Today, Friday 28 November 2014, marks the 10th anniversary of Wales Millennium Centre, Wales’ national centre for the performing arts. To mark its first decade, the Centre has released a new impact report which reveals its significant footprint on British culture and economy since 2004.
With public subsidy levels at just 19% of overall income, an annual contribution of £50 million to Welsh economy and visitor figures of over 1 million each year, Wales Millennium Centre is a cultural regeneration success story and a world-class example of what arts venues outside London can achieve. Now Wales’ premier attraction and one of the UK’s most popular cultural attractions, the iconic Welsh arts venue packs a punch well above its weight.
As Simon Tait writes in the report’s Foreword:
“The enlightened pragmatism that brought us Wales Millennium Centre has been the guiding spirit… The first years were challenging, but the Welsh Government showed its confidence. After cogent representation the Centre was put on a firmer financial footing, increasing its annual subsidy to £3.6 million, or 19% of its total income – still considerably less than that received by comparable venues such as London’s Southbank Centre, the Barbican Centre, not to mention the Royal Opera House. And having earned its national and international status, the promise is even more exciting.”
Key points from the report include:
- Wales Millennium Centre contributes £50 million annually to the local economy. This is in addition to its resident partners, with Welsh National Opera contributing a further £22.5 million per annum
- At £3.6 million, its annual public subsidy through Arts Council of Wales is 19% of its total income; it earns more than £4 for every £1 of subsidy
- The Centre exceeded government targets for visitor figures five-fold, attracting an average of 1.1 million casual visitors each year. To date, it has welcomed over 13.5 million visitors through its doors, including 3.38 million theatregoers
- £100 million worth of tickets have been sold since 2004
- Housing many of Wales’ leading arts organisations, including the Welsh National Opera, BBC National Orchestra Wales and the National Dance Company of Wales, the Centre employs 1,000 people on-site
- Through its strategic partnerships, the Centre has become a centre of excellence for the performing arts. Cape Town Opera and the Mariinksy Theatre are just two of its international partners, whilst leading UK industry members have lent their endorsements to the Centre, from Matthew Bourne to Lord Lloyd Webber, who comments: “This is the best theatre built in the world in the last 50 years.”
- It was the first independent arts centre in the UK to achieve the international environment management standard ISO 14001 and is a founding signatory of the Welsh Government’s Sustainable Development Charter
- The Centre has the UK’s largest free performance programme, staging over 450 free performances annually. It has provided creative opportunities to over 200,000 children and young people
- The Centre is internationally recognised as a cultural landmark and one of the National Lottery’s most successful Millennium projects. It was voted Wales’ National Treasure by the public in November 2014
Managing Director Mathew Milsom comments:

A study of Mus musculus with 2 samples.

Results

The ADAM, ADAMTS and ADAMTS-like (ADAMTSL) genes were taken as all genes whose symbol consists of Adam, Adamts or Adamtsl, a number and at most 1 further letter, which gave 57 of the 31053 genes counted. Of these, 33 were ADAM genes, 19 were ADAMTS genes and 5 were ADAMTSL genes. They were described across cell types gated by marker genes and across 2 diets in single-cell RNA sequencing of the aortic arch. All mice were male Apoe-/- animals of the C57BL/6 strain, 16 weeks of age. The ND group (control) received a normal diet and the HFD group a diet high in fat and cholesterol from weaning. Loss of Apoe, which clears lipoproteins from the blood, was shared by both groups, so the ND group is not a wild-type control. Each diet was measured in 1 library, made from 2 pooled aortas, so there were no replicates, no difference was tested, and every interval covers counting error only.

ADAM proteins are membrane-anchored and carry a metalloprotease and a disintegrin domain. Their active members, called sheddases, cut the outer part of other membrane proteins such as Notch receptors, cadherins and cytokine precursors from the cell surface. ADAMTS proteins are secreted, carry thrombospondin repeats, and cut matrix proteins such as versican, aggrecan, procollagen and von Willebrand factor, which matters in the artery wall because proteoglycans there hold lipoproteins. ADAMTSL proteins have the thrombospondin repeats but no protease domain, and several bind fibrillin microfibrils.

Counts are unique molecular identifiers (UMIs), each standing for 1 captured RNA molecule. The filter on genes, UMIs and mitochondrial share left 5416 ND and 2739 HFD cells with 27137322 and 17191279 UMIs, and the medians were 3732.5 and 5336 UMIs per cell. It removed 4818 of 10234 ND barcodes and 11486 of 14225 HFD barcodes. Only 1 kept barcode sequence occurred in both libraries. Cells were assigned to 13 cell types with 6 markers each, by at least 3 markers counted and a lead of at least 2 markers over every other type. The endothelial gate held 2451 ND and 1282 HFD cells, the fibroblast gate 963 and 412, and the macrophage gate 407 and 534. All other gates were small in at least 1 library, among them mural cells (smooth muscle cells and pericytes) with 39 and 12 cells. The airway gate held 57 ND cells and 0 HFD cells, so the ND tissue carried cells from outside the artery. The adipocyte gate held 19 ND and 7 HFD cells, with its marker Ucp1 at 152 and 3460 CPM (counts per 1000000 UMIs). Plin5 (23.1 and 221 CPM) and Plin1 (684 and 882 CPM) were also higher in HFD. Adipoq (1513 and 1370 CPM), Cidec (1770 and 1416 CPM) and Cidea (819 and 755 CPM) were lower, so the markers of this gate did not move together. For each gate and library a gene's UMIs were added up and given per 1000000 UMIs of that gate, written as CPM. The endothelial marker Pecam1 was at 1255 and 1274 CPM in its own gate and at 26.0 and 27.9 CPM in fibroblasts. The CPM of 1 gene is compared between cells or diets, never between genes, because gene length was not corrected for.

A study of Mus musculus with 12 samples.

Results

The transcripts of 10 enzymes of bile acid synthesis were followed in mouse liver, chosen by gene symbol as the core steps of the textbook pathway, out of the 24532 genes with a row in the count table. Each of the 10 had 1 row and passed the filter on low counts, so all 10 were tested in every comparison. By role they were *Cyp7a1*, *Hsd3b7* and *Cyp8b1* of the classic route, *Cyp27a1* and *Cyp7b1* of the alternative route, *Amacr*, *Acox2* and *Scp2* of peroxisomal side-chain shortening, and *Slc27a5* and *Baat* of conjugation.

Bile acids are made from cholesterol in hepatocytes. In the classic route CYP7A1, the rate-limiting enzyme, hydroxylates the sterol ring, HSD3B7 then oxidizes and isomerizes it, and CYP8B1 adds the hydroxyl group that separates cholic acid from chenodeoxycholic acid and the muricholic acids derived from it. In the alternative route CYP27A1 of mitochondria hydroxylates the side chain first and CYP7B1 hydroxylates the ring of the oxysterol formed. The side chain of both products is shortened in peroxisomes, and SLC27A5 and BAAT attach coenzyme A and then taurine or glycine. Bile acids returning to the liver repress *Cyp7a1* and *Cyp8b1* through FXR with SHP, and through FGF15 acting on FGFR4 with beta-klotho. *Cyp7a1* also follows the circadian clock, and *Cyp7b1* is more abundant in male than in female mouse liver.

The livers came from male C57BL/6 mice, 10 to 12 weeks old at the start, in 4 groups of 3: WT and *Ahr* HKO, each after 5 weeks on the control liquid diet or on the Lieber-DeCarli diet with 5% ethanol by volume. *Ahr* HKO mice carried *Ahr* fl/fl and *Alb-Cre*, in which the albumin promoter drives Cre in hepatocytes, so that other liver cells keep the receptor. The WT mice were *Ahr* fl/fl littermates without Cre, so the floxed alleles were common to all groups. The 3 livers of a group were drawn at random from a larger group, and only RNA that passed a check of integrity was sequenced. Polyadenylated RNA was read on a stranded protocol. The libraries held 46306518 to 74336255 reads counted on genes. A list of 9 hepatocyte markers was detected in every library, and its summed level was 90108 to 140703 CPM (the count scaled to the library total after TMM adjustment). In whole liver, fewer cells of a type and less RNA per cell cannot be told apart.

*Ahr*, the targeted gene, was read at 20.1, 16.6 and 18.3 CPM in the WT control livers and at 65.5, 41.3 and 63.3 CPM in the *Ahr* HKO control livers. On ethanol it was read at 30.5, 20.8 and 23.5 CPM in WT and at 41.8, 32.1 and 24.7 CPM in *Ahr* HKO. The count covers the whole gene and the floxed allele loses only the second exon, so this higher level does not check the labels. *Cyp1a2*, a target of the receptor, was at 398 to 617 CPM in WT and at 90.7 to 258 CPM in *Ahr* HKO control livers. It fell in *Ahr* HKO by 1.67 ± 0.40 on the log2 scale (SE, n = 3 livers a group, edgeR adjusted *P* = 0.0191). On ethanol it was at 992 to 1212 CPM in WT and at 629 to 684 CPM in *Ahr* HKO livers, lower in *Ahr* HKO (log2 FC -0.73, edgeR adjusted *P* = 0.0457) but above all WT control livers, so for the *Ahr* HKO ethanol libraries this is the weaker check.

“We are considered unique in the arts world, striking the right balance between business sustainability and cultural impact. Our success to date has been forged on the principles of sound business practices. An element of public subsidy, however, will always remain a vital component in our business model. Support from Welsh Government, through the Arts Council of Wales, allows us to provide more ambitious artistic and cultural programming, including quality international productions, as well as wider public benefit without the need for commercial return, including free performances and participatory activities, made available to the entire community.”
Graeme Farrow, Artistic Director, joined the Centre this year fresh from the Derry-Londonderry 2013 UK City of Culture. He comments:
“Wales Millennium Centre has made a tremendous impact over the past decade. I’m delighted to have joined in the tenth anniversary year to help the Centre take forward its ambition to be a cultural powerhouse.
“Over the next decade we will surprise people more regularly and throw open the doors to all the spaces within this amazing site and let the air in. Within the UK, I want us to produce and co-produce work that is recognised for its artistic quality and can also punch weigh commercially. I want the rest of the UK to think that ‘if they’re touring it. It must be worth checking out.”
The Centre’s Chairman Sir Emyr Jones-Parry, adds:
“The Welsh Government backed the development of this £106m world-class centre for the arts, supporting excellence and merit, and promoting the Welsh nation’s identity. It is important to maintain pride in the excellence of our own culture, but with an open, outward approach. Over the past decade the Centre has provided so much enjoyment, encouraged aspiration and ambition, and opened young people’s horizons and transformed lives, much as education seeks to do. We have been ambitious and outward looking and this is what we aim to engender in our young people through educational and artistic projects, such as our children’s chorus, who have presented outstanding performances overseas with our partners, the Mariinsky Theatre in St Petersburg and Cape Town Opera in South Africa.”
The full report is available to view on Wales Millennium Centre’s 10th anniversary website http://wmc10.org.uk Further information on 10th anniversary celebrations, which will be supported by Lloyds Bank, will be available through the site.